State primary schools embrace semester system
Even as the semester system introduced in all the postgraduate and undergraduate courses is still being debated and evaluated, the state Education Department has implemented this system in primary schools across Gujarat. From the current academic session, Classes VI-VIII in all the primary schools across the state will follow the new pattern.
The department, which is running a pilot study on this for Classes I-V in over 500 schools, is likely to expand it further up to Class I from the next session.
Not only separate textbooks have been introduced for these classes but also separate teachers' edition helpbooks for each class has been prepared and distributed among the teachers.
Haresh Chaudhary, co-ordinator at the Gujarat Council of Educational Research and Training (GCERT) and head of a team of experts, said, "The idea behind introducing semester system in primary classes is to make education an easy and simple process without putting stress on students, especially of primary classes. Replacing the annual (exam) system with semester will reduce the content load as the curriculum has been divided into two and the students are now required to prepare only half of what they used to in the annual system."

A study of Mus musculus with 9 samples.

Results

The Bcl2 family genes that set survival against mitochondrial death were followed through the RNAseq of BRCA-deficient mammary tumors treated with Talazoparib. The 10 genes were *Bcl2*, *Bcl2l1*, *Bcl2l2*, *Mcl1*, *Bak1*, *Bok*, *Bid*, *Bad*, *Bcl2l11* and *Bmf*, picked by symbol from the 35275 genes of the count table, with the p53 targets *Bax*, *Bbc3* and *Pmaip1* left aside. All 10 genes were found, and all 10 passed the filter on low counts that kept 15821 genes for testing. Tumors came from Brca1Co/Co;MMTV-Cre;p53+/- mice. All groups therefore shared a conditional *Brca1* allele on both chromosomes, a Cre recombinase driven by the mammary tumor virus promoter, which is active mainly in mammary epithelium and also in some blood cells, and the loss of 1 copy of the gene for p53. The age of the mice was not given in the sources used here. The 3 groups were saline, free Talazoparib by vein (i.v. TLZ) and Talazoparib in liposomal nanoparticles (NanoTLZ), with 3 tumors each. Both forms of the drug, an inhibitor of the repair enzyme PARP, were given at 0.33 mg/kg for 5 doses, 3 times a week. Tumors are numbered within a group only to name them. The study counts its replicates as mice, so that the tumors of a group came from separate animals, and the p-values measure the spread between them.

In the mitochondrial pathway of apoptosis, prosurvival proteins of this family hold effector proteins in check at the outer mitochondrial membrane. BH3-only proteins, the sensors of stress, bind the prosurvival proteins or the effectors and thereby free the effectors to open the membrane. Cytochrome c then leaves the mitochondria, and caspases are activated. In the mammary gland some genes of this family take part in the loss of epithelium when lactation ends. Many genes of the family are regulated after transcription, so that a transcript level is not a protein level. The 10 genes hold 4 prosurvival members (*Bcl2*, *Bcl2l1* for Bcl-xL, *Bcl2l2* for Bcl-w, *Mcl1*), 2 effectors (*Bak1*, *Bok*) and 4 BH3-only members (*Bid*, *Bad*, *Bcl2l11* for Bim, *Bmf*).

Pointing out advantages of the semester system, one of the members of the expert panel said, "It will provide a logistic help to the students. As with one book to study throughout the year, it was difficult for them to keep it in a readable condition. Also, as the content is divided into two books, which would be elaborate in some subjects, it is now handy for them to carry a thinner book."
Reacting to the development, Subir Shukla, former adviser to the Ministry of Human Resource Development who had played a role in developing the new curriculum for primary classes in Gujarat, said, "The fact cannot be denied that the semester system in colleges and schools is still under evaluation and being studied. It would be too premature to comment on its implementation and relevance in primary classes."